Text and Images Copyright (C) 2006, 2007 Mike Sebastian

### Sentry CA756 Graphing Scientific Calculator

In August 2007, Eugene Clement sent me an email to tell me about finding another sub-20 dollar graphing calculator at a Big Lots! store near his home. This calculator was the Sentry CA756. He provided exterior and interior pictures of his CA756 and results from computing the forensics algorithm on his CA756. Fortunately, there was a Big Lots! store near my home, and fortunately they also had the Sentry CA756 in stock. So, I purchased my own CA756 to examine.

The first calculation I ran on this calculator was the forensics algorithm. The forensics algorithm result (9.0000296195 after working around the arcsin bug) revealed that this calculator was the same as the Citizen SRP-320G. It even had the same arcsin bug as the SRP-320G.

However, the Sentry CA756 had one distinct difference from the prior sub-twenty dollar graphing calculators I'd examined. It had a slightly smaller graphing region in the display of 33 by 23 pixels, instead of 35 by 23 pixels. Closer examination of the graphing region of the display revealed that it was not simply cropped, but the entire region was shifted left by three pixels relative to character display cells. Among other things, this strongly suggests slightly different chip (at a minimum, slightly different software) from the Citizen SRP-320G and its progeny.

Like the Durabrand 828, the Sentry CA756 is just barely a graphing calculator, with a postage stamp sized 33 by 23 pixel graphing region on the left half of the display.

Forensics result for the CA756. The forensics algorithm produces a result of 9.0000296195 - a 12-BCD-digit result.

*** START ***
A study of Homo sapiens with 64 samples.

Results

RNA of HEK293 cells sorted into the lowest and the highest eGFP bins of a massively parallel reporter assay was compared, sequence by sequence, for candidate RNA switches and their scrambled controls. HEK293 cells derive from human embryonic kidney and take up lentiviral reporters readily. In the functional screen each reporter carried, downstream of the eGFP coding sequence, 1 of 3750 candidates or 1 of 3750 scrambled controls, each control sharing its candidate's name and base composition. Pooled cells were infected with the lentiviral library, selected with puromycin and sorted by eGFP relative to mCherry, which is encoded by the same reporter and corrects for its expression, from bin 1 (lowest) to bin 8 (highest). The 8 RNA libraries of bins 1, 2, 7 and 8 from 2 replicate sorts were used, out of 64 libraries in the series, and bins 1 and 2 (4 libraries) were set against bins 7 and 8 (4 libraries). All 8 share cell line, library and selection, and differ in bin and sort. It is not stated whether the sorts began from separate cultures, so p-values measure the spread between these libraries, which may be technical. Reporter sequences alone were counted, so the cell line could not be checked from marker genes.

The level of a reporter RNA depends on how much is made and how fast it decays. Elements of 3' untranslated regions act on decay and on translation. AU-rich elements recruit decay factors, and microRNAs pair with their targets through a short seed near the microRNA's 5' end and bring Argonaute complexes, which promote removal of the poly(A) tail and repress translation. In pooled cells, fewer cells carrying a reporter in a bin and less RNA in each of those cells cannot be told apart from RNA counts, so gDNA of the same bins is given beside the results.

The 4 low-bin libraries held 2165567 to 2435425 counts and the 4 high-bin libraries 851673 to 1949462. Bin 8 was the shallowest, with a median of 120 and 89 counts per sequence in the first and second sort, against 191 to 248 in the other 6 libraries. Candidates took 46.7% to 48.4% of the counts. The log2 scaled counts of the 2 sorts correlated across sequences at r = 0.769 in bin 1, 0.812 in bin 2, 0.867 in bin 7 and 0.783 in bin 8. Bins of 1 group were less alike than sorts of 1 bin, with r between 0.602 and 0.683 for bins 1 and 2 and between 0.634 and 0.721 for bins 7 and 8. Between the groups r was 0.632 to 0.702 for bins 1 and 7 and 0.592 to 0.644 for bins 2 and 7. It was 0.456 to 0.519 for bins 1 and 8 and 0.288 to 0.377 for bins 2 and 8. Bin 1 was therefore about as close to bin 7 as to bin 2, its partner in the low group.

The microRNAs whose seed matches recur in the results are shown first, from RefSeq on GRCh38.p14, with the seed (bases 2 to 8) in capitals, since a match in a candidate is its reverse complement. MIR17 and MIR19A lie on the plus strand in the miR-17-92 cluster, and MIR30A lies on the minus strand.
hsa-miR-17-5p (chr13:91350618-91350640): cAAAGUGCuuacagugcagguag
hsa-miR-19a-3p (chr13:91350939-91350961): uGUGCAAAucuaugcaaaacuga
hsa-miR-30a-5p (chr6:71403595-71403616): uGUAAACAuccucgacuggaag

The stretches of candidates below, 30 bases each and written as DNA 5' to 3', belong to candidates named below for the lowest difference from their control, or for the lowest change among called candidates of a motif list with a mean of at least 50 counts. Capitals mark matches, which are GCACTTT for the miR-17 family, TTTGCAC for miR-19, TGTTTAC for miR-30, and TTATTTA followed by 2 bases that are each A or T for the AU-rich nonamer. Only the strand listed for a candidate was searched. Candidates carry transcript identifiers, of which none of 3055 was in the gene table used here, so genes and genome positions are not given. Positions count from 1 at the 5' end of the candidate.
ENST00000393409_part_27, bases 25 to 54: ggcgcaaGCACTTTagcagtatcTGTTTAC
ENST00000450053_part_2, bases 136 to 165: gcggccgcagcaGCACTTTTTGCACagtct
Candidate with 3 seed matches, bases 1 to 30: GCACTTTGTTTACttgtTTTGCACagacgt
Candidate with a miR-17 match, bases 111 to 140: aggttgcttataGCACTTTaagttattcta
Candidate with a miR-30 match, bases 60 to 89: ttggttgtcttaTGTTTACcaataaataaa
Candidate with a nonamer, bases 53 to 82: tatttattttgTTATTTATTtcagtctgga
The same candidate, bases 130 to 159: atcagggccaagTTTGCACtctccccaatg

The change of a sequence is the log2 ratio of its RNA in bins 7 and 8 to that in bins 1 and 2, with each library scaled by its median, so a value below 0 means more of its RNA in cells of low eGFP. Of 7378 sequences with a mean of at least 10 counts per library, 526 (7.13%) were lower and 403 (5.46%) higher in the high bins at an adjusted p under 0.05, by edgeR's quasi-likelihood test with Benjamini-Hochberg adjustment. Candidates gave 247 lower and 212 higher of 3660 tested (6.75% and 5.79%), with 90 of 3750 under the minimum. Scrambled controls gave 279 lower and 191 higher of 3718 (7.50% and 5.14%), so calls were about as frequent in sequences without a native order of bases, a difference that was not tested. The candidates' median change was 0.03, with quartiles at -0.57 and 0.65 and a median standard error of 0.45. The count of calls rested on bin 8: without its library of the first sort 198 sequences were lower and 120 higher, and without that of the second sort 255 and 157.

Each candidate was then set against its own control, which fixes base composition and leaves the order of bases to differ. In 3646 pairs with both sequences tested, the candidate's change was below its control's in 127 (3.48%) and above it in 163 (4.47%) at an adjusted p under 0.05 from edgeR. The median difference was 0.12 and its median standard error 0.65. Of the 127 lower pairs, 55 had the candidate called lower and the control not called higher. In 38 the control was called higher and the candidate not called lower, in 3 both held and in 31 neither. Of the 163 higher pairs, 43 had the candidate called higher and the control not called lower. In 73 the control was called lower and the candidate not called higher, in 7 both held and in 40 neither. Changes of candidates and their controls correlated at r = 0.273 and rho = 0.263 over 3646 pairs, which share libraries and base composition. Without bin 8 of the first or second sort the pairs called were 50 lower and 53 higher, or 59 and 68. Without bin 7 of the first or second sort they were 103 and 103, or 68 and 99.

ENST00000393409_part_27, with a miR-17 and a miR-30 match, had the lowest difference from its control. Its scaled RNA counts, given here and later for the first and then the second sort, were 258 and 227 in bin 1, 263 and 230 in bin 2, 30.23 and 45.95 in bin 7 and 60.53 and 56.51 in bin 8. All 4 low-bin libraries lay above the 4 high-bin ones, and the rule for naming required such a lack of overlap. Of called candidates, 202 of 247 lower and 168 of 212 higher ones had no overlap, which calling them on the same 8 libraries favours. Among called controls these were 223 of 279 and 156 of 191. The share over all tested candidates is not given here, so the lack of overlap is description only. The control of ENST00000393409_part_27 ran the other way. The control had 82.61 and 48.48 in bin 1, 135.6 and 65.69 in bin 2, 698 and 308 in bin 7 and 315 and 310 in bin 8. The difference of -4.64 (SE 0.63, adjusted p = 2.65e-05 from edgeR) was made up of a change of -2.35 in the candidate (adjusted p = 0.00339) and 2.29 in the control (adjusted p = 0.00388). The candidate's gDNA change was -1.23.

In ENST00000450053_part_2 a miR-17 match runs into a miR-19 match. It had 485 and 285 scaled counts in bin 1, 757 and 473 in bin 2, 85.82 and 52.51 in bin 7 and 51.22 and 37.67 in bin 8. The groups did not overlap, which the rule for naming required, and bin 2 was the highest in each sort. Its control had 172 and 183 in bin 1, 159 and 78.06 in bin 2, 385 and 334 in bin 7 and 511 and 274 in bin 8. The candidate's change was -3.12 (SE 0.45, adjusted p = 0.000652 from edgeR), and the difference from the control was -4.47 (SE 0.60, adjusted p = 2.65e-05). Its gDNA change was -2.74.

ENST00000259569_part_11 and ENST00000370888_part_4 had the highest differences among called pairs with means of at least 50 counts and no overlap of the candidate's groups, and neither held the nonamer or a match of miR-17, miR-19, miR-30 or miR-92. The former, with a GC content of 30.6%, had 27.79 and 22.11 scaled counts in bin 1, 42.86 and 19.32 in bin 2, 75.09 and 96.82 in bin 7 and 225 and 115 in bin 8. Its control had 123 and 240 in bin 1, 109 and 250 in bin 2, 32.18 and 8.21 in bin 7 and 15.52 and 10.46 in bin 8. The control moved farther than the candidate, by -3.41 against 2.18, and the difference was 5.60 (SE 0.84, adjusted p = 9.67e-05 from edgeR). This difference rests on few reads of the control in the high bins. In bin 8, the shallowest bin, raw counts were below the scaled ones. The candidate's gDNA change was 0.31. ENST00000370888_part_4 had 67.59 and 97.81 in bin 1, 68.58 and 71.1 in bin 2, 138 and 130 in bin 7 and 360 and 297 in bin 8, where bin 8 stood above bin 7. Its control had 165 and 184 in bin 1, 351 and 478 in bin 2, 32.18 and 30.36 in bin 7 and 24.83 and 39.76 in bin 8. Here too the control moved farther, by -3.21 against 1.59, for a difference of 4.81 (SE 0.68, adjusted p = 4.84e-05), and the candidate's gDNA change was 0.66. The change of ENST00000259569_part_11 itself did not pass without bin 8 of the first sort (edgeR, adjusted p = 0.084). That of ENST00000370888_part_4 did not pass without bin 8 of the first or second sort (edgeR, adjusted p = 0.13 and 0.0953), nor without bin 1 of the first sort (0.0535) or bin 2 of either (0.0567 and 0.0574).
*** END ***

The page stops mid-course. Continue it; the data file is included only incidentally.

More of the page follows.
So, what do you get in a \$16 graphing calculator? You get:

• LCD: 33 by 23 pixel graphing, 11 characters (the first 5.5 character postions overlap the graphing region), plus 3 characters for a scientific notation exponent or program steps remaining.
• 50 key keyboard (including the 4 positions of the 4-way rocker key).
• 26 memories (A-Z), plus an ANS (last answer) memory.
• 400 program steps, divided among up to ten program areas (P0-P9).
• Programming constructs: goto, conditional branching, looping (DSZ, ISZ), 9 levels of subroutines.
• The normal arithmatic functions, common and natural logarithms, trigonometric functions in three angular modes, hyperbolic functions, sexigesimal conversions, polar-rectangular coordinate conversions, binary/octal/hexadecimal support, and single and two variable statistics.
• Formula algebraic logic for entry of calculations.
• 12 BCD digits of precision.
• Powered by a single CR2032 lithium coin cell.
• Snap-on cover to protect the display and keyboard when the calculator is not in use.

The Sentry CA756 owner's manual was a pleasant surprise. The 136 page manual appears to be printed in an 8-point font, which may seem a little small until compared to the 4-point font in the manuals that came with the Durabrand and Corner Office calculators.

The two PCBs are marked with the string "KC-S6600G". This looked suspiciously like the model number for a calculator manufactured by Karce. A quick look at the Karce web site turned up the KC-S6600G graphing calculator with specifications identical to the CA756 and an appearance that only differed in color.

Of the sub-twenty dollar calculators I've evaluated so far, even with its bugs, this one is my favorite. While I'm annoyed with all the silver-painted consumer electronics coming out of China, in this case, the silver provides a nice light background to maximize contrast for the keyboard legends. The keyboard legends are printed in colors intended to provide good contrast (orange, purple, and green). The keys themselves are grey and dark grey with white legends printed on them (the second functions on the rocker key are orange). The legends are also printed in a decent sized font.

 The Sentry CA756. Note that the packaging says "Compares to TI-83." I don't think so!
 The Sentry CA756 out of its packaging.
 The internal view of the CA756. Construction is fairly typical, with the chip protected by a blob of epoxy (chip-on-board), and the use of heat seal conductors to connect PCBs and displays. However, one unusual construction feature is two PCBs. The PCB holding the chip is fiberglass-epoxy, while the PCB holding the lithium coin cell is phenolic. The two PCBs are connected together with a heat seal ribbon conductor for logic signals, and two wires for the power from the lithium cell.